By Burton Mail  |  Posted: February 20, 2014


Figures show that, in the week February 3 to 9, the hospital beat the target set by health chiefs of seeing 95 per cent of people within four hours, with 95.8 per cent.

One hundred hospitals across the country failed to meet the target in a week that saw increased demand in A&E due to the extreme weather.

In Burton, the number of patients attending the department was up by 80 in the week, and emergency admissions increased by 23.

The hospital’s figures for people having to wait more than four hours were also much lower than the national average of 163.9, at 49.

Burton Hospitals NHS Foundation Trust operations director Mark Powell said: “I am very proud of the way that all staff at the trust have responded during a very busy winter this year.

“Thanks to the opening of the Acute Assessment Centre and extra staffing, our performance against the national target of seeing 95 per cent of people who come to A&E within four hours has been consistently good over the last six months.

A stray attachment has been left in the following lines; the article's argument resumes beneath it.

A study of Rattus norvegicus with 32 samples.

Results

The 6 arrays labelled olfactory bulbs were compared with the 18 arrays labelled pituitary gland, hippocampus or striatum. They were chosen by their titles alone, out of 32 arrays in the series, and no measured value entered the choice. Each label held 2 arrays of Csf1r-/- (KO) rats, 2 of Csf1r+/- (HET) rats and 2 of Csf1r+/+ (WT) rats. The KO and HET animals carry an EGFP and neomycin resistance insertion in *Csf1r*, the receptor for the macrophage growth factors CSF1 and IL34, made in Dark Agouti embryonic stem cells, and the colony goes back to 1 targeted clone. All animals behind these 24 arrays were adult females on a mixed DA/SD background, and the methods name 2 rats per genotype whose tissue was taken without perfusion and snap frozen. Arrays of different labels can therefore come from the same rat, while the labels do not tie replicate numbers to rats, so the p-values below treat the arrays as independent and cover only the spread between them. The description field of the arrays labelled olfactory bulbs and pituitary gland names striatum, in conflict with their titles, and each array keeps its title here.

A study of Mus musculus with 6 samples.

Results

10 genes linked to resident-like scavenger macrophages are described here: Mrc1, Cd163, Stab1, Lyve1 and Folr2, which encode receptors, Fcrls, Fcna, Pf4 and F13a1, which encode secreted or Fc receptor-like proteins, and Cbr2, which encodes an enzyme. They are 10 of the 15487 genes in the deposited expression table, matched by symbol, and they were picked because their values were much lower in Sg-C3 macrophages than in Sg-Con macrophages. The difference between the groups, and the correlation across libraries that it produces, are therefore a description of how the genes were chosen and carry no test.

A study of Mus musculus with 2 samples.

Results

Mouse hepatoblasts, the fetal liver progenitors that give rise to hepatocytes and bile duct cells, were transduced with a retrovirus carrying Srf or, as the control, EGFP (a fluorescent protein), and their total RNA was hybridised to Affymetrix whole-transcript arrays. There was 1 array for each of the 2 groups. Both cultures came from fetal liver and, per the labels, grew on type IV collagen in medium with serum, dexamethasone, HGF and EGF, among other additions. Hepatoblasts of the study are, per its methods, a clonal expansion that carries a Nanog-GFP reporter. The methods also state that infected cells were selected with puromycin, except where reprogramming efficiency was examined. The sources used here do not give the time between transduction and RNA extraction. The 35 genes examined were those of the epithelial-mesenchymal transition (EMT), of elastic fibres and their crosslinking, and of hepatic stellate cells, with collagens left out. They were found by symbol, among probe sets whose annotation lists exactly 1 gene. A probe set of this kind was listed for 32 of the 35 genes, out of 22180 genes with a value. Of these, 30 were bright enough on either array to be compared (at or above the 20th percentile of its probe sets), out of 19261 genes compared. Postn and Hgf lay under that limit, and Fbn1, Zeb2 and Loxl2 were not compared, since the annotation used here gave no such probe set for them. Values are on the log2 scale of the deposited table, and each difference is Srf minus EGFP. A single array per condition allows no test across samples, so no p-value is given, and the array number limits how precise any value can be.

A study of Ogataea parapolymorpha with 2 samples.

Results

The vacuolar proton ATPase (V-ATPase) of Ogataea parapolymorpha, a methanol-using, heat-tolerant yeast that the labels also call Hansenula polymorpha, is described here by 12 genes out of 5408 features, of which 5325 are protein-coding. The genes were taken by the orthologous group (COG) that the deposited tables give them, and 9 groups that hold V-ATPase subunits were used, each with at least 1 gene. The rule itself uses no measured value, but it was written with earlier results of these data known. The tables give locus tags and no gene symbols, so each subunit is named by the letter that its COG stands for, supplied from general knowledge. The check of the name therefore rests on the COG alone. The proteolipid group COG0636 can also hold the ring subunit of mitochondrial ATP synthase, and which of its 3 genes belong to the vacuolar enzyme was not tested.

“We are now seeing waiting times in the emergency department fall and patients are being assessed, and discharged or admitted, faster.”

The total number of people attending the A&E department between February 3 and 9 was 1,175.

The figures will be welcome news for the hospital in light of a barrage of recent criticism following on from the Keogh report.

An investigation took place last May, and a report published in July raised issues over staffing and communication.

The probe was motivated by higher than expected mortality rates within the trust.

Since then Queen’s has been partnered with the University Hospitals Birmingham NHS Foundation Trust in an attempt to improve standards. These have included taking on nurses from Portugal.

A number of meetings have been held since then to reassure patients.